The Earth 101 series of course is the introduction to our Earth Studies Program, an integrated set of 30 seminars & courses about complexity sciences and their application to biology, Earth, climate and community resilience.
Some details about E101.
Complexity sciences are a set of emerging scientific principles
that explain virtually everything as systems.
Complexity sciences are:
- groundbreaking, yet understandable, even intuitive;
- being called a revolution and a renaissance in science;
- as different from 20th century mechanistic sciences as day from night;
- as much a revolution as quantum theory, but far more understandable
and more relevant to our everyday experiences.
Yet this is not the science you studied in high school or college. These are not the ‘mechanistic’ sciences of the last 300 years that portrayed nature as a ‘machine’ to be controlled for human benefit.
Instead, they are new sciences that have emerged via the work of leading scientists,including:
- Nobel laureate Ilya Prigogine’s self-organization
science (non-equilibrium thermodynamics)
- Benoit Mandelbrot’s fractal geometry
- Edward Lorenz’s butterfly effect
- Stephen Wolfram’s new kind of science
- theories of emergence and autopoiesis
- Lynn Margulis’s symbiogenesis
- James Lovelock’s Gaia theory.
They offer simple yet elegant and awe-inspiring insights into nature, Earth, life and society.
The Earth 101 courses are anything but a typical science class. It is unique in the United States and possibly the world for its accessibility and integration of concepts and principles. Adults with any background — including no science — will find it accessible. It includes:
- classes in live & teleconferenced versions
- readings, videos, conversations, tutorials & tutoring,
an online forum, learning community & outdoor experiences
- contributions by several Ermah Ge associates
- a holistic context yields a deeper, more intuitive understanding of concepts than contemporary educational programs
The principles of complexity apply to any system at any scale, from molecules and cells to organisms, ecosystems and societies to the whole Earth to galaxies and the cosmos.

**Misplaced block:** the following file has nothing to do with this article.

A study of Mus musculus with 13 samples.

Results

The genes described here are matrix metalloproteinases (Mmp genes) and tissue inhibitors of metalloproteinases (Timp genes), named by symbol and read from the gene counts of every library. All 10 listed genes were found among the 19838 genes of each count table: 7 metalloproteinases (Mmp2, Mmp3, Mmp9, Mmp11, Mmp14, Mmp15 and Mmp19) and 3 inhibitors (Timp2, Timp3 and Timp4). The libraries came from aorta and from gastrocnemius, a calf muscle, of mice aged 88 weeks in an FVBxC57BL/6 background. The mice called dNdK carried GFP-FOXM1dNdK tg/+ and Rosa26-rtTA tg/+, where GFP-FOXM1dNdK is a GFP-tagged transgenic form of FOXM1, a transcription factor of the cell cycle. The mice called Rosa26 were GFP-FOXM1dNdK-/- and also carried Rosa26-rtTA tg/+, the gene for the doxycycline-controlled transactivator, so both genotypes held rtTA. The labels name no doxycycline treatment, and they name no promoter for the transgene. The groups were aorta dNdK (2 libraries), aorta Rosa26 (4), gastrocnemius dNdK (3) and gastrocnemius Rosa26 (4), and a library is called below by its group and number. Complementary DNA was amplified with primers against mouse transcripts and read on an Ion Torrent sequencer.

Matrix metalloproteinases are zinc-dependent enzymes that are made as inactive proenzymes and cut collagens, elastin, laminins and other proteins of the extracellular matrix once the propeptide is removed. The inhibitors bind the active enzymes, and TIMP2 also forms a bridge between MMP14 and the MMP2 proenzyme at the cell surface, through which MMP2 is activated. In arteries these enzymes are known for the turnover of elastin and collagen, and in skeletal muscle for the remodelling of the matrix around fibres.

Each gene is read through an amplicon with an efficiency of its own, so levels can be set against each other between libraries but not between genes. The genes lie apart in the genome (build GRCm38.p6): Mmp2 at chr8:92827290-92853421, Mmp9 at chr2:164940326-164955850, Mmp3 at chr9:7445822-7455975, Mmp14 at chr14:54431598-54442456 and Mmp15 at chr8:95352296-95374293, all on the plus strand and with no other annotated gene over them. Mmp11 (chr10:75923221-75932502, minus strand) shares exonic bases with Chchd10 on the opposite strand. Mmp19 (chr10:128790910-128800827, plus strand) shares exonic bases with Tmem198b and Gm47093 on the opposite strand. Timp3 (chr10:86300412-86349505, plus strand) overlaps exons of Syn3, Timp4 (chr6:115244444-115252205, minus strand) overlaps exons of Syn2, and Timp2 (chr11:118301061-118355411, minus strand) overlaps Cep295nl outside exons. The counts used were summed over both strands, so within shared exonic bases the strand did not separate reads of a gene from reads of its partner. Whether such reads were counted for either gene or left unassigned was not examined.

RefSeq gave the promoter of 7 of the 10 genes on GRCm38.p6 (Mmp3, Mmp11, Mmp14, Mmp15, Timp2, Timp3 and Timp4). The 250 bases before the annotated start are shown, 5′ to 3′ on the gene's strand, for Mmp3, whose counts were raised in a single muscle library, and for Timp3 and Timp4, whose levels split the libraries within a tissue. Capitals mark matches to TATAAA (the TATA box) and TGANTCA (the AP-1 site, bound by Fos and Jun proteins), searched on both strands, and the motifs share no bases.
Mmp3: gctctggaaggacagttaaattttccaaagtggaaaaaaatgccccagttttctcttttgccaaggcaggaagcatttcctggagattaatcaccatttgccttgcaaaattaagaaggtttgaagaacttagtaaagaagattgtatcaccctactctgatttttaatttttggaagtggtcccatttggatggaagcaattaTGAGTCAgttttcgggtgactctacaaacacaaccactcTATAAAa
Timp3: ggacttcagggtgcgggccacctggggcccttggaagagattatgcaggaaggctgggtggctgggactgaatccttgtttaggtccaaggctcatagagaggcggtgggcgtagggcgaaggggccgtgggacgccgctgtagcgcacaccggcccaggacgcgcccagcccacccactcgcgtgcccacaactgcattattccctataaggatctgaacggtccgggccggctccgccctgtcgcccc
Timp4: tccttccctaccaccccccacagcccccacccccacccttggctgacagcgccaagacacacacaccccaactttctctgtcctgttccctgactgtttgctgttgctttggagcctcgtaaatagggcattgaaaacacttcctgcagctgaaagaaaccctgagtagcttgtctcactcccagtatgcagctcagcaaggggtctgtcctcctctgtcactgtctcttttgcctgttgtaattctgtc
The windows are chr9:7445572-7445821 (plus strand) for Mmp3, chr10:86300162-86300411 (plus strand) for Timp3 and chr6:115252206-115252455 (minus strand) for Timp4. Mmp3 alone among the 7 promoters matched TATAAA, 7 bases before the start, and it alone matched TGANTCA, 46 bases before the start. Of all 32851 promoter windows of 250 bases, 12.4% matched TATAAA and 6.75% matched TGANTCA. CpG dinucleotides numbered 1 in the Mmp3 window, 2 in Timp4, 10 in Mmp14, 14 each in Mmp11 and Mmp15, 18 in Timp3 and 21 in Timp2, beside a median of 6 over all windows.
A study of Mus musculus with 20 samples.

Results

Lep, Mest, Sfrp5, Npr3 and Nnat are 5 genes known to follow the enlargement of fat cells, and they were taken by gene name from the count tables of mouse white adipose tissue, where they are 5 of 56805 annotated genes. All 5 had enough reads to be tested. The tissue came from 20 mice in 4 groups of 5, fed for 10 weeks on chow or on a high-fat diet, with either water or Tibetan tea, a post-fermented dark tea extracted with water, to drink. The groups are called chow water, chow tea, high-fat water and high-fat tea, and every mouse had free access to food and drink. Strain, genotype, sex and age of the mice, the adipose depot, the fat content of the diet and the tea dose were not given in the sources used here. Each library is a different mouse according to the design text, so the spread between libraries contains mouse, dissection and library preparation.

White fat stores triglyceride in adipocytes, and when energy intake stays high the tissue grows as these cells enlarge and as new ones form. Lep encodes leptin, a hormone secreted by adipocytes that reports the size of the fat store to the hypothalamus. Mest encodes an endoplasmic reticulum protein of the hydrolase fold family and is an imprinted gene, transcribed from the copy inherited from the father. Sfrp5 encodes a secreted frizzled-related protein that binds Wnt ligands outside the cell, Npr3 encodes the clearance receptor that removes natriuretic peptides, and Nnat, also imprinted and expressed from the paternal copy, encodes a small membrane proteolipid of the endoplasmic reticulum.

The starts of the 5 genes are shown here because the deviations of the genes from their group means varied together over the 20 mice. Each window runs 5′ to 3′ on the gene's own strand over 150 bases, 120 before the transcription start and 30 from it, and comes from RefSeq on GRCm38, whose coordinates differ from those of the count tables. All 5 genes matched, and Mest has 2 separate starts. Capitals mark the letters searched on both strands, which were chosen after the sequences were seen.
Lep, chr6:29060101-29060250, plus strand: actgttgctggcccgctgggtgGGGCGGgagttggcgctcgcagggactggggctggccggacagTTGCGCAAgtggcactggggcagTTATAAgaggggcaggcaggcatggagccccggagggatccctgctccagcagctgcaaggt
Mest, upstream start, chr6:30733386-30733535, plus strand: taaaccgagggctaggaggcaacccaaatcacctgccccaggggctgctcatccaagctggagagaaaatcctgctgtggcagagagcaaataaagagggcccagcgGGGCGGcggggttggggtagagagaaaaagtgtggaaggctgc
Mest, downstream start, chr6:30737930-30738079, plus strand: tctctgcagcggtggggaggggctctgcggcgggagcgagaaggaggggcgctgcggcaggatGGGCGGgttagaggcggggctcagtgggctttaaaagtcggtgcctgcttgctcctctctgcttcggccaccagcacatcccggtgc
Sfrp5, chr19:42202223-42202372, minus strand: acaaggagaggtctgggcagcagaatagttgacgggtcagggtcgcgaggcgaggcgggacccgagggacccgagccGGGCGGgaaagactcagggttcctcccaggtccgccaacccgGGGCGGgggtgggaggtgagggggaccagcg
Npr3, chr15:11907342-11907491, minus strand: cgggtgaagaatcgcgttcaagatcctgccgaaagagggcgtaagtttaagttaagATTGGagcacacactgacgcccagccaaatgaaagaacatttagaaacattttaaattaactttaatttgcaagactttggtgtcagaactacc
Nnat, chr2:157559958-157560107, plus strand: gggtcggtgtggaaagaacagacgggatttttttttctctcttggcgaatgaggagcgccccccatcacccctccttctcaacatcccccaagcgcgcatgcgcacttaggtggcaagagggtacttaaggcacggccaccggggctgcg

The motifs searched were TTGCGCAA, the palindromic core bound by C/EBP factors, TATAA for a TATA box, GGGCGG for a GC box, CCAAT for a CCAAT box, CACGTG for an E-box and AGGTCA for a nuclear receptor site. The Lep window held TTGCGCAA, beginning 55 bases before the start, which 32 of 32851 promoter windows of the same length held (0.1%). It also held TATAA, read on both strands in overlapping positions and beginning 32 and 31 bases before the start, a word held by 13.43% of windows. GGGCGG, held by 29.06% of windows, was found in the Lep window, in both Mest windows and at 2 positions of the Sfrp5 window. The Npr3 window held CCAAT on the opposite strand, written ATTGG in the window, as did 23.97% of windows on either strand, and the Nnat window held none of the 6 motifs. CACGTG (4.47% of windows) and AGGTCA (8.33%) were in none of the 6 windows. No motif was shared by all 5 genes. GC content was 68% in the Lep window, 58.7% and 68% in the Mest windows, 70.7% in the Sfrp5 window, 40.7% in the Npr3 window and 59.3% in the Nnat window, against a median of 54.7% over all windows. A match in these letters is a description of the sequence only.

Their most important application is to living systems. They lead to a profound, awe-inspiring new understanding of the phenomenon of life, and a stunning new perspective of nature, Earth, life & society.
One of the most important applications of complexity sciences is in understanding our self-regulating planet, what some – notably James Lovelock, Lynn Margulis, Dianne Dumanoski and Mary Midgley– call Gaia, and what we call Ermah (Earth’s metabolism and homeostasis) or Ge — the English spelling of the oldest Greek name for Gaia.
Gaia — or what ever you wish to call it — is arguably the most important scientific concept of the 21st century. If we — as a species — do not quickly get to know it conceptually, and the basics of its function, as explained by complexity, and start treating it like it’s our home instead of some nebulous thing called “the environment” <ack>, then simply put, our probability of survival as a species will decrease significantly.
In fact, it is impossible to fully understand climate change without grounding it in Gaia theory, or the science that studies it, called geophysiology.
Please note that we teach the science of Gaia, not religion or new age mysticism. We must make that clear because when listening to Alder speak briefly about Gaia theory, some have accused us of pedaling a religion. Even though some new age and neo-pagan groups have tried to turn it into a religion, we do not.
In fact, as part of Earth 101, we teach an entire series about science, what it is (a way of knowing), what it is not, how it works — including hypothesis testing, model formation, theory development, etc — and how it differs from philosophy, religion and pseudo-sciences like astrology.